Broadband technology has the potential to revolutionize the way public safety performs its mission. Newly available 700 MHz spectrum will allow public safety to adopt technologies that support high-speed data transmission across long distances, creating access to video, mapping, GPS applications and more. These new capabilities will undoubtedly help public safety better perform its mission of protecting lives and property.
As President Obama said in his 2011 State of the Union address, broadband technologies offer possibilities for first responders that weren’t imaginable just several years ago. This sentiment echoes the FCC’s National Broadband Plan, published in March 2010, which calls for establishing a nationwide, interoperable, public-safety broadband network that will allow first responders nationwide to communicate with each other at all times and without delay.
In support of this goal, the Department of Commerce’s Public Safety Communications Research (PSCR) Program has been developing a 700 MHz public-safety broadband demonstration network—the first network of its kind—to provide a vendor-neutral environment to test and observe how equipment in this band operates. Broadband infrastructure and subscriber unit vendors are deploying their equipment on the demonstration network through cooperative research and development agreements (CRADAs). Currently, PSCR has executed over 20 CRADAs with companies, including wireless service providers, equipment manufacturers, network integrators, testing facilities and more.
To help public safety and industry understand the capabilities of current LTE equipment, PSCR has developed a three-phase test plan. Phase one will test and evaluate basic functionality. Phase two will involve system and node-level testing, including performance and network stress testing. Phase three will test advanced features, conformance, interoperability and roaming. Based on the results of these tests, PSCR will help emergency responders understand how broadband LTE systems perform and determine through hands-on experience how these systems will or will not meet their unique needs.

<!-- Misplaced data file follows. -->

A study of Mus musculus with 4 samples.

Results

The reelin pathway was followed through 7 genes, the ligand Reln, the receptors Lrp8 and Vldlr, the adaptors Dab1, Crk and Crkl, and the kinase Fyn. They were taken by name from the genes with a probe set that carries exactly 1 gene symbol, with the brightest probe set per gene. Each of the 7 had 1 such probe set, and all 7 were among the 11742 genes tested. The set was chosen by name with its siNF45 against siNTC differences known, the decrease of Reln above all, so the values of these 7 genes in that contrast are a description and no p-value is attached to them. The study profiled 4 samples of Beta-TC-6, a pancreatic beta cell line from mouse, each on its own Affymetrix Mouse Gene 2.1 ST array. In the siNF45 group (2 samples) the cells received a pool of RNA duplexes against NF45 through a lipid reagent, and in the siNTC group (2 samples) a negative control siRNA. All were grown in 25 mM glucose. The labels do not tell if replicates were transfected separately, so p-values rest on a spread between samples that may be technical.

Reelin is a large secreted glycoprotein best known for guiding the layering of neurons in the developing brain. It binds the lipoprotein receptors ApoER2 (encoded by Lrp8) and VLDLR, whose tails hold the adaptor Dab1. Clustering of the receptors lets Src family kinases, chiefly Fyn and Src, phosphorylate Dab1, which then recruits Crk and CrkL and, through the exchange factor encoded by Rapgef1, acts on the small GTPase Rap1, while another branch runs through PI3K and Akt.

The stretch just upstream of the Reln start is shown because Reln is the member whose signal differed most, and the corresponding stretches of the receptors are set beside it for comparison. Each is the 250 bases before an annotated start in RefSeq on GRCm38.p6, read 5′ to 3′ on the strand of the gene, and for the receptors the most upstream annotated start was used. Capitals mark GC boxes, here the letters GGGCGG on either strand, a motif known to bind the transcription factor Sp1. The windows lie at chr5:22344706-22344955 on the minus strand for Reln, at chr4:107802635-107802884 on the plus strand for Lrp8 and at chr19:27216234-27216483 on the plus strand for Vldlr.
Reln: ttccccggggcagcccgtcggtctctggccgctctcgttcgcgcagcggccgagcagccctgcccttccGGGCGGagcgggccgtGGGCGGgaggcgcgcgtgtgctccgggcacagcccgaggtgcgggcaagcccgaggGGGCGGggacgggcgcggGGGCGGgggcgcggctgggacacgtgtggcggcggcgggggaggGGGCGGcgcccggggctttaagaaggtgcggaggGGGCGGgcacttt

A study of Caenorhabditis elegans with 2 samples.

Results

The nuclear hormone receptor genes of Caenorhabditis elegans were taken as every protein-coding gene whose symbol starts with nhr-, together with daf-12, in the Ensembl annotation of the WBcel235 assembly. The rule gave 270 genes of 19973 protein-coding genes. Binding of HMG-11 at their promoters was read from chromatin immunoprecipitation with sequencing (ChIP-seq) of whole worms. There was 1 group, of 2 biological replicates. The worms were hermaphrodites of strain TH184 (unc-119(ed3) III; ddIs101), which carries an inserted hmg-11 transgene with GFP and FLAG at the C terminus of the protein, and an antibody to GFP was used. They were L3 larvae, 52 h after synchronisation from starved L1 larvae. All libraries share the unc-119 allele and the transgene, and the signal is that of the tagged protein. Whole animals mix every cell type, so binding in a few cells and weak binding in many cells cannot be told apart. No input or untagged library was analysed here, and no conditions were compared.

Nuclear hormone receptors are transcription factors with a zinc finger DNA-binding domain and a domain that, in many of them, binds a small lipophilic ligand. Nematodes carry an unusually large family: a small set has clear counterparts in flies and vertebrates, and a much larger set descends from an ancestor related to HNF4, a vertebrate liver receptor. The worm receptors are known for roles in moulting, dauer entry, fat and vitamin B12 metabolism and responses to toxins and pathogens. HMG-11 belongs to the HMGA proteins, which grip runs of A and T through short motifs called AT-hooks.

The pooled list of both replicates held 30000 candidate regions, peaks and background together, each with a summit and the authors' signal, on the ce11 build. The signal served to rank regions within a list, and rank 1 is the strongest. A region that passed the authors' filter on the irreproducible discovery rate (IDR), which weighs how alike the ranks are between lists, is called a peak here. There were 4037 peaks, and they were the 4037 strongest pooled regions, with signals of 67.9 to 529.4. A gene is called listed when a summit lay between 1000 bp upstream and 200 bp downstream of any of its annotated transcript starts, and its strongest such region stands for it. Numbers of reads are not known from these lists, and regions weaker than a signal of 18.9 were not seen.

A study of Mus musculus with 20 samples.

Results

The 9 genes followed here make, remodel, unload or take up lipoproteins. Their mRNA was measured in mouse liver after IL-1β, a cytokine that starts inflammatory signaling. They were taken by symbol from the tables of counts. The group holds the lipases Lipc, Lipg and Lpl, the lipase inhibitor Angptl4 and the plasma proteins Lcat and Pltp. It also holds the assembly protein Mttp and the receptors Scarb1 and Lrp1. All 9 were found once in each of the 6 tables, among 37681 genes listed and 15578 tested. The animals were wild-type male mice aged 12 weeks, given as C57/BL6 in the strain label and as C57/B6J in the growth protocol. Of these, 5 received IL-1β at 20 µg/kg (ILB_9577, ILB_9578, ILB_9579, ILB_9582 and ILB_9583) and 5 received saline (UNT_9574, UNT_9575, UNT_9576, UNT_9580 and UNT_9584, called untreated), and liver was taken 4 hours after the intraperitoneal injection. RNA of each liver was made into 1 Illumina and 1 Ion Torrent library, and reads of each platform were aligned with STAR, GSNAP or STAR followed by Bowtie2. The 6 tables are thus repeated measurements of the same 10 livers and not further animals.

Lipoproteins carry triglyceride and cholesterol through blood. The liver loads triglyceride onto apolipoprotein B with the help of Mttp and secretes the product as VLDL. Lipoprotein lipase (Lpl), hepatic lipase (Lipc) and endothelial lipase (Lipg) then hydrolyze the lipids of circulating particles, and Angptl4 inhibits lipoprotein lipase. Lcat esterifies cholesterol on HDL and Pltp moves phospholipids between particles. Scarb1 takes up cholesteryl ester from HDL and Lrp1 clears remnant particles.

In addition to the on-site testing, PSCR is also actively engaged with international standards bodies and standards organizations, such as the Third Generation Partnership Project, Alliance for Telecommunications Industry Solutions and the MultiService Forum, to ensure that specific public-safety requirements are reflected in published standards.
PSCR is also collaborating with federal partners, such as DHS’s Office of Emergency Communications and Office of Interoperability and Compatibility and the White House, and public-safety organizations, such as the National Public Safety Telecommunications Council, Association of Public-Safety Communications Officials, the SAFECOM Program and others.
All of these efforts hinge on PSCR’s ability to form close partnerships and gather valuable input from industry and public safety. With this in mind, PSCR held an inaugural stakeholder meeting in April 2010, bringing together public safety, industry, federal partners and other stakeholders for the first time to discuss expectations, concerns and requirements for public-safety broadband networks. This meeting led to the identification of several key topics of interest, which PSCR is working with industry partners to address.
A follow-up meeting was held in December 2010 and included presentations from PSCR, the FCC, DHS and members of industry. The goal of this meeting was to update participants on project progress and highlight some of the key issues and questions facing public safety as it begins deploying broadband networks. These issues and questions include network architecture, quality of service, priority and preemption, network identifiers, roaming, application and infrastructure testing and more. PSCR continues to work together with industry leaders and public-safety practitioners to tackle these challenges.
Future stakeholder meetings will focus on informing public-safety practitioners of testing results and providing industry the opportunity to discuss their public-safety broadband solutions.
The future of public-safety broadband and LTE is a bright one, but many questions remain. In some cases, we’ve only scratched the surface of what we understand about 700 MHz broadband for public safety. PSCR expects that the demonstration network will help ensure that the next generations of public-safety communications technologies are interoperable and meet users’ expectations.
Dereck Orr is the program manager of the Public Safety Communications Research Program.